U.S. Couple Charged with Attempting to Sell Nuclear Submarine Secrets

On Saturday, the FBI and Naval Criminal Investigative Service arrested an engineer who works for the U.S. Navy and his wife for allegedly selling nuclear submarine technology designs to an undercover FBI agent posing as a representative from a foreign government. The pair face the possibility of a life sentence if found guilty.

According to a release from the U.S. Department of Justice (DOJ), Jonathan Toebbe was assigned to the Naval Nuclear Propulsion Program, where he had access to sensitive information regarding nuclear propulsion and related military design elements and operating parameters.

The DOJ release then described the illicit activity for which Toebbe and his wife will be arraigned in a U.S. federal court in West Virginia today. It alleged that in April 2020, Toebbe sent a sample of restricted data he could provide along with instructions for how to establish a covert relationship to a representative of a foreign government. The affidavit filed as part of the criminal complaint against Toebbe noted that the FBI obtained information from this exchange in December, and used the communication instructions to initiate the operation leading to Toebbe’s arrest.

According to Cyberscoop, the email exchanges were conducted using ProtonMail, which encrypts email content and user data making it harder to intercept.

The affidavit described the encrypted email conversation in some detail as Toebbe allegedly negotiated the details of the exchange, showing his caution in some prescient messaging.

“I am sorry to be so stubborn and untrusting, but I cannot agree to go to a location of your choosing,” the affidavit reported in one exchange. “I must consider the possibility that I am communicating with an adversary who has intercepted my first message and is attempting to expose me.”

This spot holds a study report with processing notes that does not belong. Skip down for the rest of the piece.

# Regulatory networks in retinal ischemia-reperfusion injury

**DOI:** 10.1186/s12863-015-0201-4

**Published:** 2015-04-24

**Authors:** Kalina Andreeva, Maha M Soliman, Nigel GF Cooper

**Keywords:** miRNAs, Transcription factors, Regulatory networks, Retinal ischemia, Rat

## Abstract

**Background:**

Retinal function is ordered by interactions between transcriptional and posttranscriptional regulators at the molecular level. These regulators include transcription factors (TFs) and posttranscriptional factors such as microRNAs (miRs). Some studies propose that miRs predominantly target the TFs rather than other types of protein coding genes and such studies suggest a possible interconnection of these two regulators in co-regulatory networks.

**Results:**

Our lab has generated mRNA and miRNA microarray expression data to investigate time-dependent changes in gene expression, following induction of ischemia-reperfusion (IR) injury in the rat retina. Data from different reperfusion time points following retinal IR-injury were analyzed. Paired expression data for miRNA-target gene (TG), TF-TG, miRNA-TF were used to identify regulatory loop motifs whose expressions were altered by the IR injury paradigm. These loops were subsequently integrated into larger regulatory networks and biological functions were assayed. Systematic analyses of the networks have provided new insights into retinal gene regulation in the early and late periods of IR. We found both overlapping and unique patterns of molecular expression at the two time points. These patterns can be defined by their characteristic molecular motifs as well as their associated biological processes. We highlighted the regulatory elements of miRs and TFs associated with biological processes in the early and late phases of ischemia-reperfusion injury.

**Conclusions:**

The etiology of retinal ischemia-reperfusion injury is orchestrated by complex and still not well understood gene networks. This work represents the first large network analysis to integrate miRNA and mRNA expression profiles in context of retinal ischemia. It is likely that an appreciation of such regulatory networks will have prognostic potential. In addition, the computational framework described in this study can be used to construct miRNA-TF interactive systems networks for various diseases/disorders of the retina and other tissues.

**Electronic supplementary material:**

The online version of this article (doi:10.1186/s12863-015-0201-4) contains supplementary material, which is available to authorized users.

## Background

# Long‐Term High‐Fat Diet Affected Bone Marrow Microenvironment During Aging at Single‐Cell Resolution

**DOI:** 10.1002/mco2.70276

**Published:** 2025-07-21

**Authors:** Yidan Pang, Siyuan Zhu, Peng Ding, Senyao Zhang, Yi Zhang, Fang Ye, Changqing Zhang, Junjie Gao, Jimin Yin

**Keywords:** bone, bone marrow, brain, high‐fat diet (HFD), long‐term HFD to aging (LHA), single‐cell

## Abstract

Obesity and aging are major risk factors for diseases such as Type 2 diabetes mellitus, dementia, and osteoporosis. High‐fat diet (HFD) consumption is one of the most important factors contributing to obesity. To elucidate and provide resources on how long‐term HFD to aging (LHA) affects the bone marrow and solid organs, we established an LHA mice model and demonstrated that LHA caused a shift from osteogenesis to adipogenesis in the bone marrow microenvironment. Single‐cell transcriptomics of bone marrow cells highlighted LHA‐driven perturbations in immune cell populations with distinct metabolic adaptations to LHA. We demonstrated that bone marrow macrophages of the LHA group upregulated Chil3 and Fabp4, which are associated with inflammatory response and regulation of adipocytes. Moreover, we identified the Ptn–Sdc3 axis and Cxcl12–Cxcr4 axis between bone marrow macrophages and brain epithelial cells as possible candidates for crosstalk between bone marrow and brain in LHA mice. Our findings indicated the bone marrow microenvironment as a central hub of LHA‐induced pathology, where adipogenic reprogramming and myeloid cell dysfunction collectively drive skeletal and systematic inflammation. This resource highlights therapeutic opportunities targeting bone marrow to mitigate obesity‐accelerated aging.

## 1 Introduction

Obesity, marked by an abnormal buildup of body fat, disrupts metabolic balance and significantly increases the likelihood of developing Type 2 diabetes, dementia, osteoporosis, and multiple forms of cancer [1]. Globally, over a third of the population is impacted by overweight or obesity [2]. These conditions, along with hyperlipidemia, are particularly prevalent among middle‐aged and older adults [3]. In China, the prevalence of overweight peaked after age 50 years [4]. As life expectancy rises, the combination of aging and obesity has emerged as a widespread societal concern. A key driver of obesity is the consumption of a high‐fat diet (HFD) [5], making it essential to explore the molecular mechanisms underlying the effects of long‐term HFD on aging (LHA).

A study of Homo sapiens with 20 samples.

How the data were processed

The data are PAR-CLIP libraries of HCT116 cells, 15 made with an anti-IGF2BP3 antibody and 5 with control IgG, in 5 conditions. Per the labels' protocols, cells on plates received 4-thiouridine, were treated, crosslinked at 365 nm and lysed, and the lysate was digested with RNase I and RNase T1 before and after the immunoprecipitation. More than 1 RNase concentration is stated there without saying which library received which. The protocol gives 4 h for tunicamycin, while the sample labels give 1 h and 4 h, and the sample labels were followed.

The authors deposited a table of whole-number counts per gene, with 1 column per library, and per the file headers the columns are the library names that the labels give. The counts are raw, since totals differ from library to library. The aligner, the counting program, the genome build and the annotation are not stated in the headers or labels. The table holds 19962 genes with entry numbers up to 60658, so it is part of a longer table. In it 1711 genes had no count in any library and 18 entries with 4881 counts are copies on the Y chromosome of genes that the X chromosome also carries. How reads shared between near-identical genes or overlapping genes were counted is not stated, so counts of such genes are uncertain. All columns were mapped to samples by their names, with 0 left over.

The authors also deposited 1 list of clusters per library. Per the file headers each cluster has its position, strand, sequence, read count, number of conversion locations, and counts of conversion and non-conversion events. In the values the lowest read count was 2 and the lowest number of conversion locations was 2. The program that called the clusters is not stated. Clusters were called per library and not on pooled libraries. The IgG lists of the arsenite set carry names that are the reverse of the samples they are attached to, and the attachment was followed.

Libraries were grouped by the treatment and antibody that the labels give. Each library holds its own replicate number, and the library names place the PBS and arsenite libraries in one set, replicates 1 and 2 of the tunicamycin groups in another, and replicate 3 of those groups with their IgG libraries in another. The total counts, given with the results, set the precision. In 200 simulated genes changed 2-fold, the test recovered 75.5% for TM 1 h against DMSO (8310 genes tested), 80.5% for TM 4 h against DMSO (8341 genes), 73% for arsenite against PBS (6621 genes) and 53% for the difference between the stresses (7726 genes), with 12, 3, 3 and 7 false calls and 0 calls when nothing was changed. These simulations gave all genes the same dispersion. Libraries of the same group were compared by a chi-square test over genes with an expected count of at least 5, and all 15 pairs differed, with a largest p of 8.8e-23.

“Shortly afterwards, on June 26,” the DOJ release said, “Jonathan and Diana Toebbe traveled to a location in West Virginia. There, with Diana Toebbe acting as a lookout, Jonathan Toebbe placed an SD card concealed within half a peanut butter sandwich at a pre-arranged ‘dead drop’ location. After retrieving the SD card, the undercover agent sent Jonathan Toebbe a $20,000 cryptocurrency payment. In return, Jonathan Toebbe emailed the undercover agent a decryption key for the SD card.”

The card contained restricted data. Toebbe made a second drop in eastern Virginia—mixing it up this time by concealing the SD card in a chewing gum package. He was arrested after a third SD card exchange.

“The complaint charges a plot to transmit information relating to the design of our nuclear submarines to a foreign nation,” said U.S. Attorney General Merrick B. Garland. “The work of the FBI, Department of Justice prosecutors, the Naval Criminal Investigative Service, and the Department of Energy was critical in thwarting the plot charged in the complaint and taking this first step in bringing the perpetrators to justice.”